Intended for healthcare professionals


Coronary heart disease in women

BMJ 2005; 331 doi: (Published 01 September 2005) Cite this as: BMJ 2005;331:467
  1. Ghada W Mikhail, consultant cardiologist (g.mikhail{at}
  1. North West London Hospitals and St Mary's Hospital Trusts, London NW10 7NS

    Is underdiagnosed, undertreated, and under-researched

    Coronary heart disease remains the leading cause of death in men and women worldwide, and cardiovascular deaths exceed the number of deaths from all cancers combined. In the United Kingdom, coronary heart disease causes almost 114 000 deaths a year, and one in six occurs in women.1 In the UK and Europe, one woman dies every six minutes of heart disease and in the United States, one every minute. Moreover, in Europe, cardiovascular disease kills a higher percentage of women (55%) than men (43%).2 Yet coronary heart disease is still considered a disease of men.

    Many women are unaware that coronary heart disease is their main killer; their biggest fear is breast cancer. Even more worrying, however, is the apparent lack of awareness of cardiovascular disease in women among healthcare professionals. At the time of presentation with heart disease, women tend to be 10 years older than men, and at the time of their first myocardial infarction they are usually 20 years older.3 4 As coronary heart disease is a disease of the older woman, many women believe that they can postpone attempts to reduce their risk.

    Risk factors for heart disease differ between the sexes. For example, women with diabetes have 2.6 times the risk of dying from coronary heart disease than women without diabetes compared with a 1.8-fold risk among men with diabetes.3 Similarly hypertension is associated with a twofold to threefold increased risk of coronary events in women.3 Low concentrations of high density lipoprotein seem to be a better predictor of coronary risk in women than high concentrations of low density lipoprotein.3 Furthermore, high levels of triglyceride are associated with greater risk among women than men.3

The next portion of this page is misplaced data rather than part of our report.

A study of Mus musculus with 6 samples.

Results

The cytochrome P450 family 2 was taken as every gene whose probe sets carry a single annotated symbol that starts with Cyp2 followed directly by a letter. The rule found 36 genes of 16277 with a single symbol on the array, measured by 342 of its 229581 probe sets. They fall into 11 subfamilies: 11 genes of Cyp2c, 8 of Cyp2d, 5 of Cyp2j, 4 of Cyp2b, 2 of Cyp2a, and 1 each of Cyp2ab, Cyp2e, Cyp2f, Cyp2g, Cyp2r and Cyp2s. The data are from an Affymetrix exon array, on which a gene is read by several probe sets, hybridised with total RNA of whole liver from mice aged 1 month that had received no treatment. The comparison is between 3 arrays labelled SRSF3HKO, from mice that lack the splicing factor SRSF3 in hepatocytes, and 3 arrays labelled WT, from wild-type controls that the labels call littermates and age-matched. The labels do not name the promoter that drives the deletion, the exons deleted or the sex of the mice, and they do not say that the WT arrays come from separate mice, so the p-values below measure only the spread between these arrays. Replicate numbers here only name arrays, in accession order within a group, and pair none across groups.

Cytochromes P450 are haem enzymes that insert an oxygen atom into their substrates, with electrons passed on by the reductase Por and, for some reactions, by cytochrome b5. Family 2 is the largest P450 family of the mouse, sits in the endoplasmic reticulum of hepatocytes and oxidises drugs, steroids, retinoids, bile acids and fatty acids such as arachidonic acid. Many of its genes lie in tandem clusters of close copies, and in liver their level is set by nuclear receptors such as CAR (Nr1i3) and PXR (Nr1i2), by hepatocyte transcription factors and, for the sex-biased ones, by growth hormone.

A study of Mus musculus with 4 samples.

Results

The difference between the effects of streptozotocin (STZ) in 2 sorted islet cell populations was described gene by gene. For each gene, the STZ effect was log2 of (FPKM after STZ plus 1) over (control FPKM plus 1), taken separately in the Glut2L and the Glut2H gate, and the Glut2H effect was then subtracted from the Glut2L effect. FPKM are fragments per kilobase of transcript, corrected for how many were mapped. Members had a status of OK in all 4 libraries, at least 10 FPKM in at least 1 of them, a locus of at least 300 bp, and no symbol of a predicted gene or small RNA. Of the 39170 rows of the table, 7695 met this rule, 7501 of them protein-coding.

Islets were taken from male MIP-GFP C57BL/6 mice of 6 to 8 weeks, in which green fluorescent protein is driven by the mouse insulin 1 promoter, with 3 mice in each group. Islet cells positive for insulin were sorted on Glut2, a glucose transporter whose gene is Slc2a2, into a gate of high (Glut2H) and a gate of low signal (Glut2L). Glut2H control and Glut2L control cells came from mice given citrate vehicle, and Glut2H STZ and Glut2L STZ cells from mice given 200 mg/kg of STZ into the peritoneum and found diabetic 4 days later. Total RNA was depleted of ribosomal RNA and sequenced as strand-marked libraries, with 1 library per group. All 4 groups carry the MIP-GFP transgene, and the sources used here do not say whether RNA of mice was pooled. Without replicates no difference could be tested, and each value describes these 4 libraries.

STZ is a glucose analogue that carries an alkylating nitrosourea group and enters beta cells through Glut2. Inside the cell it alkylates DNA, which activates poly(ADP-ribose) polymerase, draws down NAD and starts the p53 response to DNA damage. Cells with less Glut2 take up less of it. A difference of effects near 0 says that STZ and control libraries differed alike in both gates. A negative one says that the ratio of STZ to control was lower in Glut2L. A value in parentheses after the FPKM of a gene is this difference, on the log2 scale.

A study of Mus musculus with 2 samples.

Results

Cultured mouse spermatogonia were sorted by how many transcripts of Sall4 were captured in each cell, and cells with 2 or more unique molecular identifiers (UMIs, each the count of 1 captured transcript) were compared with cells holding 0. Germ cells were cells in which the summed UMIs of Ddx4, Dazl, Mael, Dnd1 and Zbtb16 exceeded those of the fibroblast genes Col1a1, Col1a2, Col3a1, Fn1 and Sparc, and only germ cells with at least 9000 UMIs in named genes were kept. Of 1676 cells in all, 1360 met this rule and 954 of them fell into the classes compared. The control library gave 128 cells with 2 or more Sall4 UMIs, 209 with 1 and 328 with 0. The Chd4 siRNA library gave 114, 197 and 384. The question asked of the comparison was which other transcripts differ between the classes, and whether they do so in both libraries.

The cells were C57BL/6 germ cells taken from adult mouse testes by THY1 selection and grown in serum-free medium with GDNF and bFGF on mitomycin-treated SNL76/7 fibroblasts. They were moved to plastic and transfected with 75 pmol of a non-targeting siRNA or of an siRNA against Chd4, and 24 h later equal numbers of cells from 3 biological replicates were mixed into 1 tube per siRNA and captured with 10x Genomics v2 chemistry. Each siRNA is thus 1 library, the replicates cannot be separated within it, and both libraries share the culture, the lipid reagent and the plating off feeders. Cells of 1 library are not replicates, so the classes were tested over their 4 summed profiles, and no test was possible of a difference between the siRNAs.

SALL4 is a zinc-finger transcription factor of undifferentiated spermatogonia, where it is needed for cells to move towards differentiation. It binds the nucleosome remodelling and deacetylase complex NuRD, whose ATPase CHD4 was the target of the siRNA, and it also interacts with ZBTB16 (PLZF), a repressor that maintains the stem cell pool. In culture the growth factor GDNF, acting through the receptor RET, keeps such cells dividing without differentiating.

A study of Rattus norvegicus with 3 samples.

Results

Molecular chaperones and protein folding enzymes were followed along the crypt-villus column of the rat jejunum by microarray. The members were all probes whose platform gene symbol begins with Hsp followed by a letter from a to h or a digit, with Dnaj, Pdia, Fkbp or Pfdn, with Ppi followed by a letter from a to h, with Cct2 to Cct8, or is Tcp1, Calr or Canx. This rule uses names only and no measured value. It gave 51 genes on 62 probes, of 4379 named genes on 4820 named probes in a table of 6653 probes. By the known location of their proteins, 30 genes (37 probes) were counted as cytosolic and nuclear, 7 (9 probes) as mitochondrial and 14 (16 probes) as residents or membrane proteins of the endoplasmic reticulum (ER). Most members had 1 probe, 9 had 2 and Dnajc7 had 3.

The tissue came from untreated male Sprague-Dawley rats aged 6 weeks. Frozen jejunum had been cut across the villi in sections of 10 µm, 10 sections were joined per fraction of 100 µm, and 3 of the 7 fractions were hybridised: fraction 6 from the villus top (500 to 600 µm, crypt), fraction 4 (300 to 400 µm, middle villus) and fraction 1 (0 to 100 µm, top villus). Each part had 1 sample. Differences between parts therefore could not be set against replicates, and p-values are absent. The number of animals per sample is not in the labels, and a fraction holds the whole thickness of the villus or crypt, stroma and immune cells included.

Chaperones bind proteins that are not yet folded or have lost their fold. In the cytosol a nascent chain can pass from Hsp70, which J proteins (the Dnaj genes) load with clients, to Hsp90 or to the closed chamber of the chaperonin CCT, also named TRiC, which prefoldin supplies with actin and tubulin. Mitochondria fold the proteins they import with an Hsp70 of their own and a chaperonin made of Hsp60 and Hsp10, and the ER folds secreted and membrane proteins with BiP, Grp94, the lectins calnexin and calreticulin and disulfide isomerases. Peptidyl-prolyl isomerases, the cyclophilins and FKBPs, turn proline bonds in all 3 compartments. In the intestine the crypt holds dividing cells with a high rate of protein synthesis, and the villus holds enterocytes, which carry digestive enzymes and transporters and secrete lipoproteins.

Women and men with heart disease tend to differ in their presenting symptoms, their access to investigations and treatment, and their overall prognosis. Women may have more atypical symptoms than men—such as back pain, burning in the chest, abdominal discomfort, nausea, or fatigue—which makes the diagnosis more difficult. Women are less likely to seek medical help and tend to present late in the process of their disease. They are also less likely to have appropriate investigations, such as coronary angiography and, together with late presentation to hospital, this can delay the start of effective treatment.

    There are particularly clear sex differences in patients undergoing coronary revascularisation: mortality in women is notably higher.57 At the time of presentation with coronary artery disease, women are more likely to have comorbid factors such as diabetes mellitus, hypertension, hypercholesterolaemia, peripheral vascular disease, and heart failure.8 In addition, women's coronary vessels tend to be smaller than those of men, which makes them more difficult to revascularise percutaneously as well as surgically.8 And, because of late presentation, women more often need urgent intervention.

    Although the absolute mortality for women undergoing percutaneous and surgical revascularisation seems to be improving,7 9 it remains higher than for men. Most studies have shown that mortality in hospital is similar in men and women undergoing coronary revascularisation after adjustment for the increase in overall risk among women.7 9 The wider use of drug eluting stents and adjunctive medical therapy such as glycoprotein IIb/IIIa inhibitors, as well as improved techniques such as off-pump surgery and minimally invasive coronary surgery, may help to improve outcomes in women having coronary revascularisation.10 11 For example, paclitaxel eluting stents reduce clinical and angiographic restenosis in both sexes.10 And a recent large study found that women who had off-pump coronary artery bypass surgery had 32.6% lower mortality, a 35.1% lower complication rate owing to bleeding, a 118.6% lower rate of neurological complications, and a 49.3% lower rate of respiratory complications than women having on-pump surgery.11

    Women continue to be under-represented in research on heart disease. They account for less than 30% of the participants in most studies and trials in cardiology. It is difficult, therefore, to draw conclusive evidence on managing cardiovascular disease in women. Despite differences between the sexes in risk factors, presentation, and response to treatment, women continue to receive similar treatments to men on the basis of trials that include mainly male participants. To remedy this, participants' sex must be considered in the design and analysis of cardiology studies.

    Better awareness and education, earlier and more aggressive control of risk factors, and appropriate access to diagnosis and treatment are desperately needed to tackle this potentially fatal disease. To raise awareness the American Heart Association has launched the extensive “Go Red for Women Campaign,” and in 2004 the association published guidelines for preventing cardiovascular disease in women,12 while the US National Heart, Blood, and Lung Institute runs “The Heart Truth Campaign.”13 The European Society of Cardiology is soon to publish a scientific statement on the management of women's heart disease and will launch this month its Women at Heart Initiative to alert medical professionals to the burden and underappreciation of heart disease in women.


    • Competing interests None declared.